Previous Challenge Entry (Level 3 - Advanced)
Topic: Memory (07/10/08)
TITLE: The M&M Game
By Marita Thelander
Susan, Eric’s wife, had pulled a red M&M. Red M&M meant she had to share an embarrassing memory. Susan had shared, in her animated colorful way, about the time she had a slight incident that involved a skirt hem and a slip waistband issue that didn’t get remedied before leaving the ladies room. Combine this with a missionary speaker following her out of the restaurant and you have the perfect red M&M story.
Eric started an email to his mentor and former youth pastor.
Hey Pastor Steve, it’s been a long time since we have connected. I played the M&M game tonight with my youth group. That sounds odd to even say ‘My youth group’. I shared with my students about you. You were my orange M&M. Remember the orange one? It represents a memory of someone important to you.
Michelle, a quiet dark haired girl in the eighth grade held her blue M&M and with eyes wide asked if she could choose another color. Susan put her arm around her and told her that we all loved her and she could share her blue M&M memory openly.
Blue M&M is a sad memory. Michelle took a deep breath and plunged in.
“My sad memory is the day my mom left me at the child protective services office and never even looked back to see if I was crying. I was six years old and I haven’t cried since.” Michelle popped the M&M in her mouth and looked to her right, “Val has a brown M&M. Share your favorite vacation, Val.”
I remember playing the M&M game when I was a teen. You know what, Steve? I had no idea how revealing the answers the students give are. I guess as a youth, I didn’t realize what your purpose was for playing this game other than a time to laugh at everyone’s stories. I only remember dead pet stories for sad memories. I learned so much about my group tonight. More than that, I learned a lot about myself. I don’t think I am ready to be a youth pastor. How do I handle all their problems? What do I say to ease them through their tough times?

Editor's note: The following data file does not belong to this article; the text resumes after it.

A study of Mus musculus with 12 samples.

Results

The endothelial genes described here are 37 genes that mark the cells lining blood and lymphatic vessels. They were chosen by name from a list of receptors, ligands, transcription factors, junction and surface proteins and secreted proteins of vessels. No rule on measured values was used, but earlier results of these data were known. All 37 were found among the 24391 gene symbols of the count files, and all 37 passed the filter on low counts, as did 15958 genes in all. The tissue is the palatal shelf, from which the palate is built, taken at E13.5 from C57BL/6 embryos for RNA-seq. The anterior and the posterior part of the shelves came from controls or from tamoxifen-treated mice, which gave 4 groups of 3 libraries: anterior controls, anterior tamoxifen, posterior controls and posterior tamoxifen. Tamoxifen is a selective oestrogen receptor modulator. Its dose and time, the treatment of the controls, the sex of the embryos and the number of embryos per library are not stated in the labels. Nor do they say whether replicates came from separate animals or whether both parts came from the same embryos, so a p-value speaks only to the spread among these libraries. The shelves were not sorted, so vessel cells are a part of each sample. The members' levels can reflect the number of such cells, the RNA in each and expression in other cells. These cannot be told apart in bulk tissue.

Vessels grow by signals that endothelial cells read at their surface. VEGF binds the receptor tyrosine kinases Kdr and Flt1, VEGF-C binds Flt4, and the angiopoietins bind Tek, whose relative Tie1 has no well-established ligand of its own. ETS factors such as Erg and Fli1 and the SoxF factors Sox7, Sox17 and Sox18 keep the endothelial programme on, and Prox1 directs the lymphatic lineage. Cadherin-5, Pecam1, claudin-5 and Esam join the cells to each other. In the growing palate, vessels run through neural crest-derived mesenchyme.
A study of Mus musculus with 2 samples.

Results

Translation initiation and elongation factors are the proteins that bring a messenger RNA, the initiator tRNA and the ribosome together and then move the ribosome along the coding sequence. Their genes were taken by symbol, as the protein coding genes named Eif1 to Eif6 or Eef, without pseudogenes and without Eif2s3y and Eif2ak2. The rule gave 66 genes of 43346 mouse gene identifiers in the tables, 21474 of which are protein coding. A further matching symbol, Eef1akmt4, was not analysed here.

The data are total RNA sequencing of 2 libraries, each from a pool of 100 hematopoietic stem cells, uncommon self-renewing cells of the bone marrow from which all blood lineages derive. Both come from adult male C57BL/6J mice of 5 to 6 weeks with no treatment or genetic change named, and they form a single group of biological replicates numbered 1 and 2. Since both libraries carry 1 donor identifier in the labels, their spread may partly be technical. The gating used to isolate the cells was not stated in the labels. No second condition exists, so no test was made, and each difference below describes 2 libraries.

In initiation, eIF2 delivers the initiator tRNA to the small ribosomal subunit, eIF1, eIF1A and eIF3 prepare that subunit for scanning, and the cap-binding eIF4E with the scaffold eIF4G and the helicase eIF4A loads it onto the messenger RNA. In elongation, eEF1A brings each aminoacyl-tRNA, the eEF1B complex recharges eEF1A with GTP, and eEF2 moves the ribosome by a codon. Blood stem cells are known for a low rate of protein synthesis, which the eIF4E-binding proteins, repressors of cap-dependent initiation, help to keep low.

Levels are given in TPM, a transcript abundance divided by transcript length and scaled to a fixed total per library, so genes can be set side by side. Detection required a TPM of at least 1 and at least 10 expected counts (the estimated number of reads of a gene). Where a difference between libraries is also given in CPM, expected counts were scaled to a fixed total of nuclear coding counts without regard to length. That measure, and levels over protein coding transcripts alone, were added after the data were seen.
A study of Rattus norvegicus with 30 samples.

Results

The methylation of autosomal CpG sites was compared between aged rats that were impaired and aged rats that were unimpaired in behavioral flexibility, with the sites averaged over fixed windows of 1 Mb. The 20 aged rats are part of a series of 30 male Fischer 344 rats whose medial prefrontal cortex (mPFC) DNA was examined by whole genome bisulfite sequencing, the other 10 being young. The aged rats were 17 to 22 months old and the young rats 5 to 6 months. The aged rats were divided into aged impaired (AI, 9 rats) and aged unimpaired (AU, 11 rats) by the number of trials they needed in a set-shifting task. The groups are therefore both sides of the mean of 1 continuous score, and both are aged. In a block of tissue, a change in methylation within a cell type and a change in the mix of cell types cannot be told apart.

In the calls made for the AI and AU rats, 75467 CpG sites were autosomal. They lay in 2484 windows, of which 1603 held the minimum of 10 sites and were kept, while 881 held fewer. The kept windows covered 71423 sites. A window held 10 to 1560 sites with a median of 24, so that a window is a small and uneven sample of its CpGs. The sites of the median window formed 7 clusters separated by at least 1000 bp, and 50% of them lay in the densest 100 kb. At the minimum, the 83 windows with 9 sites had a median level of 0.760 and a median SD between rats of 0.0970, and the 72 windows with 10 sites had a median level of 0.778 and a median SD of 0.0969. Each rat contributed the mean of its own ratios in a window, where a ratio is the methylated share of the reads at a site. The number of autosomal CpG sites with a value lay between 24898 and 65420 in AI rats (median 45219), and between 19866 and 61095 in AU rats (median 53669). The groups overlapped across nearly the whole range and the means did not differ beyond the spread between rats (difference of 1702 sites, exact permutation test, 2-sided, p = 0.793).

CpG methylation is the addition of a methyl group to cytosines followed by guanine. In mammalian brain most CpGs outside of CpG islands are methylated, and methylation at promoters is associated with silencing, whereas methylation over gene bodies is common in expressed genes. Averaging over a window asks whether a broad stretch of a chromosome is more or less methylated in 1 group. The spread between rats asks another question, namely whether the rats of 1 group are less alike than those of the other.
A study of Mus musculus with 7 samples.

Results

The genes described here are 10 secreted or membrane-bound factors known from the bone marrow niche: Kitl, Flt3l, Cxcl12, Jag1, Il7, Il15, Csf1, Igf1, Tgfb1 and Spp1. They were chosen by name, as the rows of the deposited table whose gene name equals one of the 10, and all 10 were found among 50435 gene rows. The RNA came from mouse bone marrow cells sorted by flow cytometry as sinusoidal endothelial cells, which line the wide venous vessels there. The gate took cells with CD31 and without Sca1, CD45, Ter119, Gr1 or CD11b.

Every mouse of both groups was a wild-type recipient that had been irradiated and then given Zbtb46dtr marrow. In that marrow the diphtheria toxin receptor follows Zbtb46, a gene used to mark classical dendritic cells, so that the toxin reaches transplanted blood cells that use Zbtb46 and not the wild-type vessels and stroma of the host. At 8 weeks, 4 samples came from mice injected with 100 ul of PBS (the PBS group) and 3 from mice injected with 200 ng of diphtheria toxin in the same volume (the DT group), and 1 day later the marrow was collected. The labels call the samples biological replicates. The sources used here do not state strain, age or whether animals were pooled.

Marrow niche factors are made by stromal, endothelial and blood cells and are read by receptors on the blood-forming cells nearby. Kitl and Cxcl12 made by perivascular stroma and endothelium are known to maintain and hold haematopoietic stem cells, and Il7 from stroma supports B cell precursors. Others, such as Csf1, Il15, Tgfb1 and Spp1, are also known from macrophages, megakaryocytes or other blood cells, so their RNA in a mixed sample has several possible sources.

Eric rubbed the stubble on his face he called a goatee and swallowed hard as Jason quietly proclaimed his orange M&M, his important person memory.
“Pastor Eric is my important person.” Jason averted his eyes and nervously fiddled with a lip ring with his tongue, “Because he accepts me for who I am.”
Tears welled up as Eric continued his email.
I need to spend some time in prayer right now, but can we meet for coffee soon? I would really love to re-establish a relationship with you. I think I need to make more orange M&M memories with you. Let me know what your schedule is like.
Hope to hear from you soon,
Tired and emotionally drained, Eric eventually headed back to bed. He paused at the kitchen table and dumped the remainder of the M&M’s into a bowl. Fishing through them, he separated all the orange ones into a sandwich bag. He would save these and give them to Pastor Steve as a memory making moment of his own when they connected for coffee soon.